Brian & Ann's European Experience

Sunday, November 07, 2004

IKEA Overload

For those of you who ever wondered, the maximum amount of times that one can safely shop at IKEA without experiencing IKEA Overload, is twice a month.

Yesterday Ann and I took our fourth trip in as many weeks to freaking IKEA. We rented a car from Avis in Dordrecht and drove there. To say that Ann was nervous about driving a stick shift (it had been six years) in Europe again is the understatement of the year. I have to commend her though, we only stalled three times the entire day and not once on the highway.

Since we had the car, we decided to go shopping at the Aldi, a cheap supermarket that is a bit of a hike on foot. It's hard to describe this supermarket. The business model is that all costs are stipped out of the operation to offer the cheapest product possible. To do this they simply drop pallets of produce and such in somewhat aligned rows, they sell only no-name brands, and they have one register open on Saturday... the only day that most of the Netherlands has to shop. But, since you can get two liters of attractively boxed wine for about three Euros, naturally, the frugal Dutch love the place.

The Dutch don't pinch pennies. They flatten them into wafer-thin discs to stretch their buying power.

Anyway, the funny thing is, as Ann was pulling into the parking spot, she didn't get all the way in, and had to back out to re-adjust. Unfortunately, the car didn't seem to want to go into reverse. The little picture on the knob clearly showed that there indeed was a gear called 'R', but for some reason the stick didn't want to go there. So there we were, blocking up the lane, Ann getting increasingly frustrated/infuriated, and me trying to calm her by letting her know "you can do this". Note to self: that shit just does not work.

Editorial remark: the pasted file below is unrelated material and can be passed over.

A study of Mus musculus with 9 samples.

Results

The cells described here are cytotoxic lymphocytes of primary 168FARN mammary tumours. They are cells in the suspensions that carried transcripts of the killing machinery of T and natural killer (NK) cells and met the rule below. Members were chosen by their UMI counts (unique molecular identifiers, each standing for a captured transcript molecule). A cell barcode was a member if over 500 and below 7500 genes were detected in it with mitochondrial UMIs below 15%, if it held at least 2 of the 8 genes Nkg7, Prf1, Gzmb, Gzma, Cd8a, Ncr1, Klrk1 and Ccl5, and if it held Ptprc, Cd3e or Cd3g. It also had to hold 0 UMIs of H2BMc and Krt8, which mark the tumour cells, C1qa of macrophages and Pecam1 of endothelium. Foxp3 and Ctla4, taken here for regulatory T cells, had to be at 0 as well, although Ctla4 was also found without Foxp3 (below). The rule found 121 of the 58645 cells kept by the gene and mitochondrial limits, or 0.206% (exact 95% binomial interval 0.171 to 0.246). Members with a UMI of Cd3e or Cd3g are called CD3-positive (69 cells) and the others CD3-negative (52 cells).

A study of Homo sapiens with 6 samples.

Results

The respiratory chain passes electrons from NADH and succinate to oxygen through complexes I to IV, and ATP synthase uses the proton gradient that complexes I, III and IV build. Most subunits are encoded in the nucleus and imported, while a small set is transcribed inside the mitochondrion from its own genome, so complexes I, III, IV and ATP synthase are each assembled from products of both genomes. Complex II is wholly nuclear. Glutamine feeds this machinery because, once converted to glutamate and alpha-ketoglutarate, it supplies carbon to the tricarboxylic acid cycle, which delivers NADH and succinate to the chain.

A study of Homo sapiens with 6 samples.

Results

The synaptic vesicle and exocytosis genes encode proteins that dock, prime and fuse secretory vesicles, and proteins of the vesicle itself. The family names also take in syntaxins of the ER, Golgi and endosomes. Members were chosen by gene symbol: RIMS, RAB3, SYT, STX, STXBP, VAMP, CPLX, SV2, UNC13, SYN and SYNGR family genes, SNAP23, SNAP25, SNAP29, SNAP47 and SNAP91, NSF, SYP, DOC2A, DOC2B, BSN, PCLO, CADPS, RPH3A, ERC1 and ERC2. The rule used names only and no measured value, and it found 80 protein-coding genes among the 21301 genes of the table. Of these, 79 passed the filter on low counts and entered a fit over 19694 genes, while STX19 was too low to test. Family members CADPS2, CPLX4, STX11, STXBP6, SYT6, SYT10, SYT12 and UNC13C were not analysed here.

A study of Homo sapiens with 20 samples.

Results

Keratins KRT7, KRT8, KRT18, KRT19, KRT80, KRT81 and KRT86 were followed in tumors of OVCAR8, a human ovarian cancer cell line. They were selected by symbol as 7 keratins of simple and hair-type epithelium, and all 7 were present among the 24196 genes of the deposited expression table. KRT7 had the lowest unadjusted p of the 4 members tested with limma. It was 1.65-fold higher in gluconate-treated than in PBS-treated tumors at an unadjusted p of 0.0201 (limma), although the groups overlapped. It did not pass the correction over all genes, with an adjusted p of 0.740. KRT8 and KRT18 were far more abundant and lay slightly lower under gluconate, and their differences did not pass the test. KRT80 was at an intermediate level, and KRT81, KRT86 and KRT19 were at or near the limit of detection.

Finally I asked a guy who was standing around for help. He was a little bewildered. He probably thought it was an elaborate scheme to get him behind the wheel so we could blame him for something wrong with the car. He didn't want to get in the driver's seat. He wanted to push the car back into the lane a little bit to get us some more room. I cannot tell you how idiotic two men pushing a little European car that refuses to budge looks. For some reason we simply could not coordinate with Ann to be pushing at the same time that she put the car in neutral. Every time she put it in neutral, and we weren't ready, the car inched forward again, closer and closer to the car that we were trying to AVOID hitting, so she'd put the brakes on, and that would be the moment that this random Dutch guy and I were throwing our backs out trying to move the car back.

Very frustrating.

Finally this couple who were coming back to the car next to us offered to get in and drive it. Unbeknownst to us, since Ann had left the Continent, there had been amazing advances in stick-shift technology to improve the safety of cars. In order to go into reverse, you first had to pull UP on the stick, THEN change gears.

The woman backed out, then pulled into the parking spot, in two seconds.

Ann and I stood there silently and attempted to keep our heads from exploding.

After the pressure in our heads reduced, we drove to IKEA to pick up what we hoped were the final pieces of furniture we would ever need in our lives.

We zoomed through the showroom, skipped the traditional Swedish meatballs and ligonberry sauce, argued over the bookcase (Ann won, of course), got into the warehouse, and found out that the closet we were getting weighed 86lbs., in the box. The other closet weighed in at a measly 71lbs., and the book case was a feather-light 55lbs. When we got home Ann drank her super-woman potion and the two of us manhandled the beastly boxes up into our apartment.

That is the last time we plan to go to IKEA until 2005. Maybe 2006.